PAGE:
I can’t be more official because it’s the skill that everyone admires (or at least should admire). True master of One-Arm Chin-Up possesses such biceps and lats (for their bodyweight, of course) that all conventional bodybuilders will silently stand in the corner, cry and burn from envy. He obtains arm strength to match that size.
Some people think that this feat of strength is out of reach. Especially heavyweight ones. But it isn’t so. I heard of at least two persons that are approx. 100 kg (220 lbs). I don’t remember the name of the first one but the second is Metin a.k.a. LittleBeastM. You have probably seen his videos. If not, then here’s link to his YouTube channel: LittleBeastM’s YouTube Channel. You should definitely check this guy out. He’s probably the heaviest guy to perform such feats of bodyweight strength.
Anyway, let’s get back to tips.
Train Mostly with Singles
If you can make sustainable progress, it is better to train with singles. Here is the logic behind this statement. One-Arm Chin-Up is a complex feat of strength. It has lots of details to work on. Different parts of the move require individual attention. It is not some low-skill exercise like Lat Pulldown or Bench Press. It is completely different kind of beast.
It is obvious that your initial goal should be completing just one perfect repetition (hence the feat of strength category). That is why it is great to train yourself in a feat-of-strength way with singles. However, it will work only if you can divide the whole progression into really small steps.
One of the best ways to implement singles is Rest-Pause Training. Let me explain it to you. Pick progression step that is fairly hard, but you can do three perfect reps in. Perform single rep with right arm. Rest for 30 seconds. Then perform single rep with left arm. Rest for 30 seconds. And so on until you hit 5-6 singles per arm. Call it a day. Return 2-3 days later and repeat. Usually it would take couple training sessions to hit 10 singles per arm. You have several options after that. You can either shave off 5 seconds from rest periods and work back up to 10 singles per arm, or you can pick a bit harder variation and start over with 5-6 singles.
In addition, you should understand several things:
- Single repetition consists of 4 phases: bottom hold, positive phase, top hold, negative phase. Time required for completion of all these phases combines into total called “time under tension”. When we are working with singles, it’s important to understand that progress can be measured in different ways. And increased time under tension is one of them. So if you struggle with adding sets or intensity don’t forget that you always can increase time under tension.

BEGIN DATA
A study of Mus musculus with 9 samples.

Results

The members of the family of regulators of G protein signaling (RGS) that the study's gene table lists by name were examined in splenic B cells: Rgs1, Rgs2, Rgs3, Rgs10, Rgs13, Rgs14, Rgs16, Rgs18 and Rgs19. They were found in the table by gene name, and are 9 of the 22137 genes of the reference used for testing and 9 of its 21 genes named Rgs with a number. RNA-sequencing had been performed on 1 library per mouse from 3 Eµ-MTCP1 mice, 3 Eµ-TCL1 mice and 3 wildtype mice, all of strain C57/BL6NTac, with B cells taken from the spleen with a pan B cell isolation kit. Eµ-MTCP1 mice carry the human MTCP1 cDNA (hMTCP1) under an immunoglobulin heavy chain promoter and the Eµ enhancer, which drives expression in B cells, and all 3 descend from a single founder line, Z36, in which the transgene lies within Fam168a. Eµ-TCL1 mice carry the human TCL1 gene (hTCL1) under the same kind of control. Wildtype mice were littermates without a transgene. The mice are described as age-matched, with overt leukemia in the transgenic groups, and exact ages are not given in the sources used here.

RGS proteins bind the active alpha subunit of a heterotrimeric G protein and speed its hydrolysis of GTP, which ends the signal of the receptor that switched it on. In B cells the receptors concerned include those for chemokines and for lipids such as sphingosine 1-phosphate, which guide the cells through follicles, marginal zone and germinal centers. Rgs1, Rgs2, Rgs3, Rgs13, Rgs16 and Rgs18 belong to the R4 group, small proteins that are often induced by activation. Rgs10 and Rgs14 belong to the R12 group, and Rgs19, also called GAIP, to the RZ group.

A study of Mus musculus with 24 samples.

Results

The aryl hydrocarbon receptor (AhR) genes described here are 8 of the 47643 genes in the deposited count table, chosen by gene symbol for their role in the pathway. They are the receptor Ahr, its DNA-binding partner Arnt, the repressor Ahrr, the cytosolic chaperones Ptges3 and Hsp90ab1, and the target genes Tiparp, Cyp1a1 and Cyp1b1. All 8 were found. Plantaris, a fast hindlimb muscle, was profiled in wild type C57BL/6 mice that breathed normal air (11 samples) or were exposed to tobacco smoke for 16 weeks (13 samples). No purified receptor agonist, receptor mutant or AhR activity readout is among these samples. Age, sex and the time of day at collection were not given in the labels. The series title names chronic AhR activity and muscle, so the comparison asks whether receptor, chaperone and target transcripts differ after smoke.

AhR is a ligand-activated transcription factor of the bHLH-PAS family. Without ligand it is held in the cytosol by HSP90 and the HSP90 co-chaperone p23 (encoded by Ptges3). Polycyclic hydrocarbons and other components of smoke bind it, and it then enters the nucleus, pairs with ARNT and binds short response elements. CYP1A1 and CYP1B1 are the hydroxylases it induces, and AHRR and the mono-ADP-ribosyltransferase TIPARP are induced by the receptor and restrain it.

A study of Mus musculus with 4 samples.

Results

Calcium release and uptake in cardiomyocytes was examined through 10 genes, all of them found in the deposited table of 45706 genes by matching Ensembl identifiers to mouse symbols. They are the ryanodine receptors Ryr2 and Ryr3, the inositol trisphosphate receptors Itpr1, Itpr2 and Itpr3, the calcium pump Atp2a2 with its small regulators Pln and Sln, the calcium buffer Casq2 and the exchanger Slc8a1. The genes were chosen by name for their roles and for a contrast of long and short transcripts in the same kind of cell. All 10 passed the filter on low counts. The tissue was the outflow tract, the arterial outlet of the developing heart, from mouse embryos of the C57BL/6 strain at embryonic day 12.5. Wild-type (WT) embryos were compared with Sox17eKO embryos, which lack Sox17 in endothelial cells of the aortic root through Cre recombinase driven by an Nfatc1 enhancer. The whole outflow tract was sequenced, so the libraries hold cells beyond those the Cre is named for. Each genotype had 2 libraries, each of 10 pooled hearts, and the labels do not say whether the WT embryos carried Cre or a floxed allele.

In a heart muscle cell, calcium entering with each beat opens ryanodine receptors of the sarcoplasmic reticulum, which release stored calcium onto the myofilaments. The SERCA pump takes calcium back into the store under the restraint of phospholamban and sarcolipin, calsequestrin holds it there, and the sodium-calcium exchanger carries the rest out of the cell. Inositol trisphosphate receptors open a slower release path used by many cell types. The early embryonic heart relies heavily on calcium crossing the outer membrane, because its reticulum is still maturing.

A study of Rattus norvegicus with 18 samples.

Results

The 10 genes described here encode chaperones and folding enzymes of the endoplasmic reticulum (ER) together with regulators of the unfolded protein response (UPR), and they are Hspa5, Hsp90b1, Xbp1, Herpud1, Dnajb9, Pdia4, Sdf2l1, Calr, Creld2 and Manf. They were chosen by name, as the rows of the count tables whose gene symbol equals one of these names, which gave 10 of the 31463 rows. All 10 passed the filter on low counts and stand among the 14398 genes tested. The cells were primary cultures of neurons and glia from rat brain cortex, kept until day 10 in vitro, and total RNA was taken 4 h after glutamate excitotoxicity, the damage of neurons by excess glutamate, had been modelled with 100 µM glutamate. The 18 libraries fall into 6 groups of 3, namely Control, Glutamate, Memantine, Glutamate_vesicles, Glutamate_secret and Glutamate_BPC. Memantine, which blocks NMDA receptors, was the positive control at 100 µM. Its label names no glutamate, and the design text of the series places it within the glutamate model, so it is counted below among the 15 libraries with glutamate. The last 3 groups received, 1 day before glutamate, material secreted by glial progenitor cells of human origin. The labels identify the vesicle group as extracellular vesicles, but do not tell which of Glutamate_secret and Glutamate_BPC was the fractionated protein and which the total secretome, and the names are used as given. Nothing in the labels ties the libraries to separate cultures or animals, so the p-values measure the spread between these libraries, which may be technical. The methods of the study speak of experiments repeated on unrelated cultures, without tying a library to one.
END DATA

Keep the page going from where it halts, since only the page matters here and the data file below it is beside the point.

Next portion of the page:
- Rest-Pause in not the only way to progress in singles.
- Singles are always hard. For One-Arm Chin-Up training it’s ultra-true. Adding reps may seem impossible sometimes, but you can always use classic singles-to-reps progression scheme. It looks like this: at first you work on increasing number of single rep sets. Once you hit 10 sets of 1, you can try couple of sets of 2. Work up to 8-10 sets of 2 reps and try couple of sets of 3. After this point your progress should be a bit easier (or not). When to use it? Obviously, after you got your first full rep and during getting it when you need to build up assisted or partial reps to progress further
Pick Progression That Is The Most Effective for You
There are tons of progressions toward the One-Arm Chin-Up. The most effective are considered rope or towel assisted, finger assisted and rock climbers’. Rope assisted is the best for me. I can always carry the rope in my bag. It feels the most natural. The main thing is that with rope assistance you can adjust intensity similarly to the barbell. Just count the fists on the rope and you’re all set. It’s very important for me. So you get it. Pick progression that suits you.
UPDATE: It’s not that simple anymore. I think, the best progress can be achieved through mixing different approaches and finding what works for you
Don’t Hit It Too Often
One-Arm Chin-Up is not that exercise that you want to overdo. Firstly, you can’t progress fast in it. Secondly, because of increased risk of injury. Once a week works awesome for me. You should experiment to find out how’s best for you.
UPDATE: Depending on intensity you can handle, you can add more frequent work and see how it effects your progress. For example, if you can do partial OACU reps (2/3 of range of movement and harder) and weighted negatives, you can try adding bodyweight negatives every day and see what impact it will make on your progress.
One-Arm Negatives and Static Hangs
One-Arm Chin-Up Negatives are quite powerful tool in your arsenal if used properly. How to use them?
- Count time of the comedown. 6-12 seconds are optimal for me.
- Add weight to them when you hit at least 3 sets of 12 seconds per arm.
- If you don’t want to add weight, you can pause at different points of the descent. My preference is One-Arm Chin-Up Negative with 5 second hold at the top, 5 second hold at 90 degrees and 5 seconds hold in the flexed hang (near the bottom of the movement).
- Also you can mix assisted positive phase with full negative. For example, perform Rope Assisted OACU but at the top release assisting hand and perform full OACU Negative. This is good intermediate step in learning OACU.
In my opinion, One-Arm Static Holds are also very useful. Bottom hang is useful for grip strength and endurance. 90 degree hang is useful for strength in the middle part of OACU and moving past sticking point. Top hang is generally useful in One-Arm Chin-Up work. Practice them but don’t overdo.
That’s it. I hope it will help you in your quest for the One-Arm Chin-Up. Thanks for reading and don’t forget to subscribe and like.